Monday, January 18, 2021

    What Bihar Requires to Spend on Elementary School Education?

    Low funding in education has costed Bihar a lot and unless it prioritises school education and its democratisation under the RTE, it is bound to remain educationally deprived.

    RJD announced in its election manifesto that it would spend 22% of its budget on education. Nitish Kumar in his first term as the chief minister of the state had a clear focus on school education but did not carry this ahead in his subsequent terms. Without entering a blame game it is important to fathom what is required. This is not a marginal increase in budget allocation. In a recent national study, we inquired as to what the various states of the country  including Bihar, need to spend on the education sector in order to fulfil the promise of the RTE Act? (Bose, Ghosh & Sardana: RTE and the Resource Requirements  )

    Based on school wise data collected by UDISE for the year 15-16, we could estimate that Bihar requires 45% more teachers at the primary level, 37% more at the upper primary level when compared to the norms prescribed under RTE. At the same time if we look at physical infrastructure we find that 10% of the schools have no building, where 11 lakh children study. Most other schools require additional classrooms. The average strength for primary school was 167 and for middle school this was 466. Schools are overcrowded. 

    A middle school teacher once commented that if all children come to school there would be just no space anywhere for them to sit! 75% additional classrooms are required compared to what is available. These deficits in the system has been pushing out poorer children and denying them their fundamental right to education. For those who can afford it, they all end up being enrolled in the parallel school-like coaching classes. 

    What are the constraints for expansion of school supply that have not really been addressed? Given acute land shortage since every inch is cultivated, the alternative is to construct properly two to three storied buildings. At the same there is also a need to create a social atmosphere where local bodies can negotiate & find some land for the village school. This is where political energy could be creative since this is an exercise in fraternity building among all communities. Similarly teacher recruitment has been a vexed issue and local arrangements have only supported a distribution of caste patronage. It is better to work with transparent bureaucratic norms akin to civil service recruitment. The policy of drawing teacher recruits from the maha-dalit groups has been fruitful and should be expanded.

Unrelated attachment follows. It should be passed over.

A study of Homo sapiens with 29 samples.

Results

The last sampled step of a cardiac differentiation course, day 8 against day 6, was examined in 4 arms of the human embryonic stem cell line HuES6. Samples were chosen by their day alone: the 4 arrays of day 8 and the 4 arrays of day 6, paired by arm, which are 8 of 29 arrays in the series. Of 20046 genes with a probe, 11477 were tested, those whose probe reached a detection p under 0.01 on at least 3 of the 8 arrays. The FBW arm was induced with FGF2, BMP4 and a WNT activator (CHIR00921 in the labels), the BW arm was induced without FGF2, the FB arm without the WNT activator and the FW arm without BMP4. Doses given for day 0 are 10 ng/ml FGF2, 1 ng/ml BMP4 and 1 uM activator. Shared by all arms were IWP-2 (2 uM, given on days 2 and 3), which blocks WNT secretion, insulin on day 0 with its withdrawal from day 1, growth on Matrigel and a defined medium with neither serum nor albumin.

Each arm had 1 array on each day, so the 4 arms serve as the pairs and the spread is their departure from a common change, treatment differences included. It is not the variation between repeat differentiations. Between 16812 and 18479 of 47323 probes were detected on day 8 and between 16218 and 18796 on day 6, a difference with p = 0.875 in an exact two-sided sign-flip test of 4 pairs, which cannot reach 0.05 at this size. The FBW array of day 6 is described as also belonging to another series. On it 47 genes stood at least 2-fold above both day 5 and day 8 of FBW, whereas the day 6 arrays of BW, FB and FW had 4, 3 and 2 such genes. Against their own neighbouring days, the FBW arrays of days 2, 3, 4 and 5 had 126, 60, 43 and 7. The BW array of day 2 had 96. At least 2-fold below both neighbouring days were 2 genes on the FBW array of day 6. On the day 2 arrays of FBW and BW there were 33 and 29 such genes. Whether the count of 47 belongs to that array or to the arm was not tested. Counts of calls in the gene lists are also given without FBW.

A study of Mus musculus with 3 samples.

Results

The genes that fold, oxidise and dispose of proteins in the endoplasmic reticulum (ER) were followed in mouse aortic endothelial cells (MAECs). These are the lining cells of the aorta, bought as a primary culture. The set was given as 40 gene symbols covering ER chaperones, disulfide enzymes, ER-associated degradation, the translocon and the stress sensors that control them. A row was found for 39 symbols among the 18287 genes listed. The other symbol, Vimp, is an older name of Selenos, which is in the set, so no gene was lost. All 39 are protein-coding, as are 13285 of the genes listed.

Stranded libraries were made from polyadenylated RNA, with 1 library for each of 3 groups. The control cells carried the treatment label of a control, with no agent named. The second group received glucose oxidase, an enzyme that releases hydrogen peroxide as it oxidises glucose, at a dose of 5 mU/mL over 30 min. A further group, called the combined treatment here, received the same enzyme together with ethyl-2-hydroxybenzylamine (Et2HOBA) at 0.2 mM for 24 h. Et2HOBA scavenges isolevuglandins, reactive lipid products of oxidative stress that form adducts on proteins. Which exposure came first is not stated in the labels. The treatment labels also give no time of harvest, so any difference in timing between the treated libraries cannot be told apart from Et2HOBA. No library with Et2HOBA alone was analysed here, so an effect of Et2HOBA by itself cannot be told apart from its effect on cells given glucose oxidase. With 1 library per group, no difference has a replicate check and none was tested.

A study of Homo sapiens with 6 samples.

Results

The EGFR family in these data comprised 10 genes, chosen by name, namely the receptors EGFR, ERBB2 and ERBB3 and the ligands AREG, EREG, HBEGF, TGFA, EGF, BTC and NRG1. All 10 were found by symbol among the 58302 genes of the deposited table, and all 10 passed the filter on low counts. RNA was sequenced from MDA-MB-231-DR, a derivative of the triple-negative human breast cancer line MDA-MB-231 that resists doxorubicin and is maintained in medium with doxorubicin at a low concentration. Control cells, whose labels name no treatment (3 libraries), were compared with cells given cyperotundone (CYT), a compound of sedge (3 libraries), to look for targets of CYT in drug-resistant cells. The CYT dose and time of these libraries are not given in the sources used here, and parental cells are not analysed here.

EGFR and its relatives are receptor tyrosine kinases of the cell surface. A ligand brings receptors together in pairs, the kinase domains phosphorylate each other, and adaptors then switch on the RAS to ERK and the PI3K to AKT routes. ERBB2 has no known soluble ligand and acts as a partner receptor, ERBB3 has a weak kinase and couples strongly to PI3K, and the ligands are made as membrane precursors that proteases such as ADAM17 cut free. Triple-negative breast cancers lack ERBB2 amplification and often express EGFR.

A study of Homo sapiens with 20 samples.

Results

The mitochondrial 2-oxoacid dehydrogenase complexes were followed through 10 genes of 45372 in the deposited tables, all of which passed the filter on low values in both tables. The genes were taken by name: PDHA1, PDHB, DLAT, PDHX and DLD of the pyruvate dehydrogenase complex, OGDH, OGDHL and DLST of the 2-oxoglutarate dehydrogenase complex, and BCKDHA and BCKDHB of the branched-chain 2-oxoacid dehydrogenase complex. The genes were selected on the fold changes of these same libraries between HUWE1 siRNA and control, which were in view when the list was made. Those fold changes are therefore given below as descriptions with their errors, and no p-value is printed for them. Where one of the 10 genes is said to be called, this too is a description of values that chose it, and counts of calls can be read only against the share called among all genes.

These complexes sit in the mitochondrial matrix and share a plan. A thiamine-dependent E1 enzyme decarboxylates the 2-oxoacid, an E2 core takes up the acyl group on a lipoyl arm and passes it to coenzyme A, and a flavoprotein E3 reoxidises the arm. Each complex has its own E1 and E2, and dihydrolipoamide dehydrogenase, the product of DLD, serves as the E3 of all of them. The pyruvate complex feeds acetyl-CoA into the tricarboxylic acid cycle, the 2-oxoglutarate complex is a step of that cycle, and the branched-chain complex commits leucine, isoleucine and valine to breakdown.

Where will the money come from? In our study for 2015-16, we found that Bihar spends 13.4 % of its revenue receipts on elementary education, whereas the requirement to fulfil the mandate of RTE is 40%. What would be required for recurring expenditure is around Rs 51345 crore per year while it actually spends only 25% of this. This range of shortfall calls for a special allocation for education from the Finance Commission. In our report we have specified 16 states that require funds from the Centre to fulfil the constitutional obligations under RTE. Their own resources would be inadequate. Special grants are even more important during a pandemic since revenues are very low. One should not allow this situation to increase the out of school component of children. This would be irreversible. 

    There’s a section of experts who would ask us not to focus on inputs. They would be wasted. Their argument is to impose conditions that only improve outcomes of the process and that this should determine supply of additional inputs. Providing incentives to improve outcomes is their suggestion. 

    However government schools are not autonomous independent units amenable to incentives. They respond or react to the system of school administration as a whole and much more to emanating political signals. 

    This incentive-management system for public school education is a sure formula to achieve a low level equilibrium and the creation of a vast parallel private schooling. As the present situation indicates such deprivation can continue for decades.  

    On the other hand, is the need for channelizing the energy of this mandate to reform the working of school administration. 

    We have seen turnarounds in some other states where the school administration has taken effective steps to change the morale and ambience of government schools along with inputs for infrastructure. Adequate financial allocation is an enabling and necessary condition, but not sufficient to bring out the desired outcomes. It has to be accompanied by social policy and an atmosphere for transformation. The historical legacy of deficits is deep. Look at this with the lens of expanding social justice. Then the path would be clear and eminently doable.

    Arvind Sardana is an educationist and the former Director of  Eklavya, Bhopal, Madhya Pradesh.